Spring Football Preview: Tight Ends

Something that I believe will be of great value as spring football gets underway for Oklahoma State on Monday is the enthusiasm that comes with new coaches on the staff. I know there is a lot to be said for continuity, but there is also a lot to be said for new blood and the thrill of coaching at a new school and bonding with new players, especially when they are eager to be coached.

Oklahoma State has three new position coaches and it was easy to spot their enthusiasm last week during the final week of off-season workouts as they watched and got to know their players.

"Look at him go," new tight ends coach Jason McEndoo said as he was watching Zac Veatch on the obstacle course during the Tuesday competition day finals. "I know he is happy to be playing out on the edge again."

I believe Veatch is glad to be back at tight end after going a couple of seasons inside as a backup and then a starting offensive guard. Veatch, who had trouble staying at 290 pounds, was often giving up 20 to 50 pounds inside to opposing defensive tackles. The athletic-for-his-bulk Veatch is in a position to blow up defensive ends, outside linebackers, and safeties on the edge. McEndoo is anxious to see it happen.

Veatch represents a cluster of players at the tight end position that can be interchanged to give the offense some very different looks and match-up issues for opposing defenses.

Returning Starters
44 Jeremy Seaton, FB/TE, Sr., 6-2, 250
47 Blake Jarwin, TE, Jr., 6-5, 240
86 Zac Veatch, TE, Jr., 6-4, 280

Contenders
85 Jordan Frazier, TE, RS-Fr., 6-5, 242

Waiting to be Discovered
48 Dawson Bassett, TE, So., 6-4, 235

Veatch did start two games (Baylor and OU) as a tight end. He also started 10 games at offensive guard. It started back in the 2013 season when Oklahoma State entertained unbeaten and third-ranked Baylor on the ABC prime-time telecast.

ESPN College GameDay was in town and the Cowboys surprised Baylor with a two-tight end personnel group and formation, hitting the Bears defense over the head with it like a sledge hammer in the 49-17 win.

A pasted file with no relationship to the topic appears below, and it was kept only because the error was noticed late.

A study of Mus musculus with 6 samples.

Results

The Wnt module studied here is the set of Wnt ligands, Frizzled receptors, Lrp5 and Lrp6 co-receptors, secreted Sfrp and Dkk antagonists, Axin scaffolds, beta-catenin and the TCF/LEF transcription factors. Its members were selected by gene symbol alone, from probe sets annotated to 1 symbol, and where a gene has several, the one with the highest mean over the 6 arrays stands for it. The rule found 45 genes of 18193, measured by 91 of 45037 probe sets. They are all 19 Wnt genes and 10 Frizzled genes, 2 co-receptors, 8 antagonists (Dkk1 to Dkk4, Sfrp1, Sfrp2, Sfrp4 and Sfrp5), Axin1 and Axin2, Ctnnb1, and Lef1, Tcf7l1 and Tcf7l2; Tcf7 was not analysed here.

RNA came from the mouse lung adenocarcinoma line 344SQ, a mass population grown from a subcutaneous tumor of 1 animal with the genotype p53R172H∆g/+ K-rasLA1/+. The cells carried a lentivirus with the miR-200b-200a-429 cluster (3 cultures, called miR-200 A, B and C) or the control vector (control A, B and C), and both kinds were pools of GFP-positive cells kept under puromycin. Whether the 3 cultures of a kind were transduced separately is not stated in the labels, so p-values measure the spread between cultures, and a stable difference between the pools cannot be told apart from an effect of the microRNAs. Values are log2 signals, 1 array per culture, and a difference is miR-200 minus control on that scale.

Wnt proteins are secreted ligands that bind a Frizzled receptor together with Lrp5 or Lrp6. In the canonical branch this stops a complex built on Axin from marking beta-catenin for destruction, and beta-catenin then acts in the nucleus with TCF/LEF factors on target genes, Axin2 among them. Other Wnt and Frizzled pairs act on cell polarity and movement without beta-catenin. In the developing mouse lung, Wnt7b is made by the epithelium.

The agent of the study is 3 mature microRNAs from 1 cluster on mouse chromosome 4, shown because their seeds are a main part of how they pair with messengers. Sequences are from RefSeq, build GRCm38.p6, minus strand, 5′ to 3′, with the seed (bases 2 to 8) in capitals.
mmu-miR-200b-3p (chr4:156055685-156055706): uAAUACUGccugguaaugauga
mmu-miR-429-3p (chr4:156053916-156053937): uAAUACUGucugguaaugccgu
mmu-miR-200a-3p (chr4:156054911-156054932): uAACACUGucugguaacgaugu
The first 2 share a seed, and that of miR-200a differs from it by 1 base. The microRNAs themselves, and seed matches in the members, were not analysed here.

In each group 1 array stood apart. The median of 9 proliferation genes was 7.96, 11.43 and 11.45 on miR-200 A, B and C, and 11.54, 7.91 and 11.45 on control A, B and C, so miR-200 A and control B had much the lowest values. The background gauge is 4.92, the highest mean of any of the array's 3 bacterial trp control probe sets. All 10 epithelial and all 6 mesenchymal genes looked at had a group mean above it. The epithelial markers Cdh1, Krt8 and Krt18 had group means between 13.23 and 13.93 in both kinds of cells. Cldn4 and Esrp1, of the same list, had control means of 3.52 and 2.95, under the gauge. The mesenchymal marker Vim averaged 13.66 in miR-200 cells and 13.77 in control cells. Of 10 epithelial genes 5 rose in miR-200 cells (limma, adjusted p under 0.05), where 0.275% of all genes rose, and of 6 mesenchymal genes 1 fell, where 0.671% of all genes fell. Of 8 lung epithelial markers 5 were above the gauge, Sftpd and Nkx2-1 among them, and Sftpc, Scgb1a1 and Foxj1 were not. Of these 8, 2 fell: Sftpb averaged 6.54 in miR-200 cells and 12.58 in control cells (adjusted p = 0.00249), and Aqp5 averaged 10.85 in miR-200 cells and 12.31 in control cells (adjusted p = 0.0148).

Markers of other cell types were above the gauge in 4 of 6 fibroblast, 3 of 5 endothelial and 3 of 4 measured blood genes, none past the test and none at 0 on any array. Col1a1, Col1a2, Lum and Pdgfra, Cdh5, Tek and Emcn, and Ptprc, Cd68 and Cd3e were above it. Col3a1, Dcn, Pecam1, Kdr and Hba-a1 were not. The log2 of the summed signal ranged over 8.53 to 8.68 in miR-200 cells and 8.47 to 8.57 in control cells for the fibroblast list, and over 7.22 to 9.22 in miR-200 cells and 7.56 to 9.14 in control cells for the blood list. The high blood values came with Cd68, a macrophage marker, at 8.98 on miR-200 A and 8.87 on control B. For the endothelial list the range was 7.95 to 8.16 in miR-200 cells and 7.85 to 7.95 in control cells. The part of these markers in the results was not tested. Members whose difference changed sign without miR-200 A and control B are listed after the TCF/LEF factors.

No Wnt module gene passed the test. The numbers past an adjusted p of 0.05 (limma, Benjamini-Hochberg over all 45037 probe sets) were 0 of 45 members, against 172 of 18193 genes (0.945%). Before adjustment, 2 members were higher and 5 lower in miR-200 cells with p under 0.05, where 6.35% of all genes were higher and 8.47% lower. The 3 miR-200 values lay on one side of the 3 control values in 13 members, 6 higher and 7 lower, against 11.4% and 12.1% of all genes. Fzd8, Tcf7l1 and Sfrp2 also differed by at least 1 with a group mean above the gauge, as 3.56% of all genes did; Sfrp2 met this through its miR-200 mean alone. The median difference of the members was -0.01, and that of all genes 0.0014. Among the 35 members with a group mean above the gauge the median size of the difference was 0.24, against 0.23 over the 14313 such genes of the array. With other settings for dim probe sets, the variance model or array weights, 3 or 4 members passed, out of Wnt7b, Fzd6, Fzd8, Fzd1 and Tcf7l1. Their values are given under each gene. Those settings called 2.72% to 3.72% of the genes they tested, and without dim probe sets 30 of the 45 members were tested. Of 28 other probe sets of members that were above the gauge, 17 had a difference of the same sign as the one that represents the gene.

Since then offensive coordinator Mike Yurcich and head coach Mike Gundy have flirted with the package. When the decision was made to play Mason Rudolph at quarterback and move Veatch back to tight end, allowing for some max protect and heavier packages the offense has taken off.

The way the Cowboys use the tight end is not just an extra tackle but it can be. It is a diverse multi-purpose player that can move around and can accomplish a wide variety of objectives.

Is Veatch primarily a blocker? Yes he is, but he can catch the football and he can run routes downfield and serve as a blocker on the second and third level of the defense against players that may have more speed and agility. But if not expecting it, can got overpowered by Veatch.

Jeremy Seaton, Blake Jarwin, and we believe Jordan Frazier can all run routes downfield or in the flat, catching passes and make plays, but they can also block quite well. It becomes a position that the defense has a hard time predicting what the player will do.

Seaton is a veteran and a former quarterback that also doubles as a fullback, and he is good all the way around. I love in a scramble situation his experienced mentality of knowing where the scrambling quarterback would best like him to be to bail out a gain from what looks like a sack.

Seaton is a walk-on who is now on scholarship, and bet on Blake Jarwin joining him on scholarship. Jarwin grew up loving Oklahoma State, and like Seaton, he has become a dependable receiver in both flat and especially in seam routes down the field. Jarwin is also a dependable blocker.

During the bowl practices, Gundy paid close attention to several of the redshirting freshmen and one of them he paid really close attention to was Jordan Frazier. Gundy really seems to like the home-schooled standout from Missouri and his blocking prowess was pointed out and congratulated several times in workouts.

Like any tight end, Frazier does like running routes and catching passes and he had the advantage of arriving early last year for the spring and has worked a lot with starting quarterback Mason Rudolph.

Dawson Bassett is a stalwart on special teams for the Cowboys and is now a tight end after serving as a defensive end and linebacker in previous seasons. It's interesting in that his older brother Cooper made good of a switch from offense and tight end to defense and defensive end. Maybe Dawson can make the exact opposite switch come out well for him but he will have competition to fight through to get it done. He does get a fresh start with the new coach in Jason McEndoo.